How do you define yoga?
I understand that many people use the traditional Sanskrit definitions to answer this question, but I will speak more personally about how this idea “to yoke, or discipline” affects my understanding of yoga.
My primary teacher, BKS Iyengar, talks about the way that abhyasa and vairagya function as the two wings on which yoga can “fly.” Abhyasa means long, sustained, uninterrupted practice and vairagya means a rigorous detachment from the fruits of that practice. What’s interesting about each of these ideas is that one needs both in order to develop a practice that can sustain a lifetime devotion to yoga. These are the ideas that make yoga such a deep form of inquiry for me, and one that never grows old.
How did you begin yoga? What made the practice stick to you?
I was lucky to have one of my old students, a wonderful dance alumna from Colorado College, come to visit me one summer. She had been training in Iyengar yoga in San Francisco and offered to teach me some of what she had studied. We had a great time together! She used a language for the body I had never encountered in all my years of teaching and performing dance, and I was amazed at how quickly my body responded. After all the injuries I’d accumulated as a professional dancer, my body felt “new” again. Pain melted away and I was full of energy. Even if it were not for the many ways yoga has gradually healed old injuries, I would “stick” to yoga for the numerous benefits that accrue through my practice.
What does your personal practice look like now?
To really understand what my practice is like, you’d need to take a look at my yoga room! It is strewn with books, props, notes, notebooks and sticky mats. I usually begin each practice in child’s pose just to open the “door” to what my body/mind needs that day, but after that it’s pretty chaotic. Some days I consult my library of notes and books to stimulate my thinking or to address a question that has arisen. Other days I take on a “theme,” saying to myself, “Okay, today we’ll do all of the standing poses (or back bends, forward bends, arm balances or twists).”
If I am exhausted, I’ll start with restorative poses. I might end there too, although I am often surprised by how my energy returns after a few gentle restoratives.
My practice is often guided by a particular student who has been struggling in class to learn a pose or kind of pose, and in that case, I practice as though I am that student, taking on some of their postural alignment or stiffness to help me learn what they need.
What and where do you teach?
I teach at Marmalade from 12:15-1:30 p.m. Wednesdays and 11 a.m.-12:30 p.m. Saturdays. I also teach a two and a half hour workshop once a month at Marmalade on special topics (special Sundays). I will teach a 10-day intensive course at Colorado College at the end of May. This course is open to the public and people can sign up through the Colorado College Summer Session.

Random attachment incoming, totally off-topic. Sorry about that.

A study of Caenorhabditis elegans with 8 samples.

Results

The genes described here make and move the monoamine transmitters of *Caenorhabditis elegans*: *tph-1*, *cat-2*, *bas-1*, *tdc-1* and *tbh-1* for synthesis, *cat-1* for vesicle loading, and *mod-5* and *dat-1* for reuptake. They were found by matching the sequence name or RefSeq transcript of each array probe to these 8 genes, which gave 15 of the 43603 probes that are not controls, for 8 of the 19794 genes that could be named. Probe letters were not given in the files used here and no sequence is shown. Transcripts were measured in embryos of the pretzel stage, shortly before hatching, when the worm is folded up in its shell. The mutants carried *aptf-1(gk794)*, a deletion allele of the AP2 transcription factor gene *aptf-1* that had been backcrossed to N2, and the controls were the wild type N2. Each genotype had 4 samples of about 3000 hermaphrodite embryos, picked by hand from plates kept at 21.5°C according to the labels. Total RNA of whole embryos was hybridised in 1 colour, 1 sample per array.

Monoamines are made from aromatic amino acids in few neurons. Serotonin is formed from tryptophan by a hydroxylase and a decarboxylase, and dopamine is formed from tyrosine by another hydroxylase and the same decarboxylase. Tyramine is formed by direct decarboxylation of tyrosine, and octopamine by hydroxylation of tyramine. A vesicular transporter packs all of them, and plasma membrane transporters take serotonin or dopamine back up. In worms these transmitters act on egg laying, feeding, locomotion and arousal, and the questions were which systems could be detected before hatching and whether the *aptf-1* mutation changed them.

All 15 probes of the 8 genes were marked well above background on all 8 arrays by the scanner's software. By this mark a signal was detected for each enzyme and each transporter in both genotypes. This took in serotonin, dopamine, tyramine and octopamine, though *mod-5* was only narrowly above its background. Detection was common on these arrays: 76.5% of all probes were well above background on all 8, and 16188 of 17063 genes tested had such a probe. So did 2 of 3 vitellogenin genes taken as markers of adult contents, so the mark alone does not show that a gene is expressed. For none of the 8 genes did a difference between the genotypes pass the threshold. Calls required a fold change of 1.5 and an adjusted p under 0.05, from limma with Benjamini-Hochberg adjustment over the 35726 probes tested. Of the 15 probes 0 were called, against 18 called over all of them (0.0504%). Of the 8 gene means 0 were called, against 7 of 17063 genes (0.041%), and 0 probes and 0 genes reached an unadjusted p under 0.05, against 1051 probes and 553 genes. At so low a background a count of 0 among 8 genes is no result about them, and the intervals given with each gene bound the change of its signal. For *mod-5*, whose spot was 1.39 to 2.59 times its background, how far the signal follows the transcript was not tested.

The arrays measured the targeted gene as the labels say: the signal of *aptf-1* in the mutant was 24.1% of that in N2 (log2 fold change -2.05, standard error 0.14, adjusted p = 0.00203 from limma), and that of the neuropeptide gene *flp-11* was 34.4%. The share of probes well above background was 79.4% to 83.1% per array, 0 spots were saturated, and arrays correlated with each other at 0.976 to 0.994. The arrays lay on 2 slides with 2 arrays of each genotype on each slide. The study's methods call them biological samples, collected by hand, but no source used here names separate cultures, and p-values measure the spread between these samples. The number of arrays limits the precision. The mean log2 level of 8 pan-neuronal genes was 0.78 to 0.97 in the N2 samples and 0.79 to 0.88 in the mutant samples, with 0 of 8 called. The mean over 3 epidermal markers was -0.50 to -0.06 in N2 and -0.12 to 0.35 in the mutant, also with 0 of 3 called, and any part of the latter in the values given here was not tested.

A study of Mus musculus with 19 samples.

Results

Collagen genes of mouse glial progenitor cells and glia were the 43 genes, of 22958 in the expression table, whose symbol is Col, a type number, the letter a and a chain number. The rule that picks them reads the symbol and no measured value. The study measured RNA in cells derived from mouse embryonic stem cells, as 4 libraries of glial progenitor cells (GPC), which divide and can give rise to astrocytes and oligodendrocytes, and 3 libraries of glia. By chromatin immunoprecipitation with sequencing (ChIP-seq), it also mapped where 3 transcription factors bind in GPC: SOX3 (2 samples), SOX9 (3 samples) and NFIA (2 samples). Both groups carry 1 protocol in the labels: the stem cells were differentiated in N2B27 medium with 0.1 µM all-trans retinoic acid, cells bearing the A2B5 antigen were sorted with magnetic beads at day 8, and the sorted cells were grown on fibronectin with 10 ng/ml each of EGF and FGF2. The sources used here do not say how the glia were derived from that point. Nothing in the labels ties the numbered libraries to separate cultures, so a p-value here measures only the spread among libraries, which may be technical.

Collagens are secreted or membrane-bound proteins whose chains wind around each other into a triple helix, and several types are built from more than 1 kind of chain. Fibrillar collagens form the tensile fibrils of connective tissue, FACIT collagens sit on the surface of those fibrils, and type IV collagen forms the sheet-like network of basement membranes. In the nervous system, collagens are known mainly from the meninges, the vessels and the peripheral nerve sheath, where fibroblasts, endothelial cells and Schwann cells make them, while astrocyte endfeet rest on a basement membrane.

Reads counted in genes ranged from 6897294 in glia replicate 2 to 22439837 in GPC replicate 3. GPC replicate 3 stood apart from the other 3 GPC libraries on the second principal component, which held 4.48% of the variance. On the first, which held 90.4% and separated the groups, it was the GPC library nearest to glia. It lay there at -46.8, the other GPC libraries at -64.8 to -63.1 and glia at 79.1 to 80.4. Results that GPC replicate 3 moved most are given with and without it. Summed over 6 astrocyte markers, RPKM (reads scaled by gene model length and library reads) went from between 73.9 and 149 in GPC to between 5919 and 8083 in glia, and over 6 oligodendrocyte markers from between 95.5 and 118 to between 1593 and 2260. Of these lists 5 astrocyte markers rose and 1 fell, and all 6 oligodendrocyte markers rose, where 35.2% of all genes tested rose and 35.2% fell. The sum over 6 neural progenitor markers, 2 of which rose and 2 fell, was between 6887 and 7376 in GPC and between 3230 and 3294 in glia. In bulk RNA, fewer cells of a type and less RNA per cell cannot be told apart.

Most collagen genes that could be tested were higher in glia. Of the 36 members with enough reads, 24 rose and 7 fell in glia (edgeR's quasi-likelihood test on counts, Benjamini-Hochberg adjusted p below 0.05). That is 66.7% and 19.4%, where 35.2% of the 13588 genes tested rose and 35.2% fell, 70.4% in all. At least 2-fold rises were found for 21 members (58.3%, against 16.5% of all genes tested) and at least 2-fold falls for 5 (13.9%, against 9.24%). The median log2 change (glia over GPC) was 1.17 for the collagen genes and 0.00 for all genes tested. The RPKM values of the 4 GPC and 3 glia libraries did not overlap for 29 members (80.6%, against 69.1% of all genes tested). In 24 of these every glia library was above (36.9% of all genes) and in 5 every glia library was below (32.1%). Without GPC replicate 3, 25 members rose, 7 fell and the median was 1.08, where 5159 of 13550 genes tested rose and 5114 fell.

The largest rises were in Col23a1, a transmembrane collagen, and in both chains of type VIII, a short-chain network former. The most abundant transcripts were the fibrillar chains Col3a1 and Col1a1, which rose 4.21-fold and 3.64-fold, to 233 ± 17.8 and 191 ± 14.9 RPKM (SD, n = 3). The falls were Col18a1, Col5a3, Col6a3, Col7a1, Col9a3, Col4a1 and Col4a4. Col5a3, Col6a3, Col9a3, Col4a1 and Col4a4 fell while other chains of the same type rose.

How long have you been teaching? What is your training?
I began my teaching career in dance in 1975, but I’ve taught yoga since 1999. I spent two months studying with the Iyengar family in India in 2005. I received my second level certification in the Iyengar tradition in 2010.
For people who aren’t familiar with Iyengar training, I believe it is the most rigorous of all the yoga teacher training programs, requiring many years of extensive instruction, observation, mentoring and examinations by senior teachers.
For me, life is about learning, so I continue to drive to Denver almost every week to train with more senior teachers and to receive critiques on my teaching. It’s not always fun, but it does keep me honest!
Why do you teach or favorite part of teaching?
That’s hard to say because there are so many ways I feel I was destined to become a teacher. My great grandfather was a professor in Germany before he immigrated to the United States, so maybe this is genetic. I love the challenge of teaching someone whose life experience and body is so different from my own. It requires deep empathy on my part and that requirement stretches me in ways I can never anticipate. I find it absolutely thrilling the moment a student’s eyes light up with understanding and discovery.
Yoga is such a powerful and healing art, it is a privilege to share it with others, to help others experience what I find so profound. I don’t take credit for that part - that’s the yoga!
How has yoga changed you?
In every way I can imagine.
Favorite part of yoga?
I love the time of self-reflection and study. I think about yoga almost constantly throughout my day, even when I am not “practicing,” per se. I feel lucky to have a passion that is my teacher and my guide in all things.
What or who is your greatest teacher?
My teacher is, of course, BKS Iyengar. He is now 93 years old and continues to practice daily. He is incomparably generous with his teaching, and his brilliant insights into the study and practice of yoga have penetrated most yoga systems around the world. Many people study “Iyengar” yoga without realizing he was the one who introduced the props and principles of alignment used in their classes. Quite frankly, Mr. Iyengar is the only true genius I’ve ever known, and his profound contribution to the study of yoga will inform us for a very long time to come.
One piece of yogic teaching you would share with the world if you could?
Many people say, “Oh, I can’t do yoga, I’m too stiff.” I’d like to tell those people that yoga isn’t about flexibility of body. Rather, it is about subtlety of mind. We use the body as a vehicle to develop that intelligence. “Party poses” are for the acrobats, but true yogis know that touching one’s toes is often an obstacle to more refined intelligence.
How to find you (website, Facebook, Twitter, etc.):
I don’t have a website, but I do visit Facebook more often than I should. I don’t tweet (or squeak!).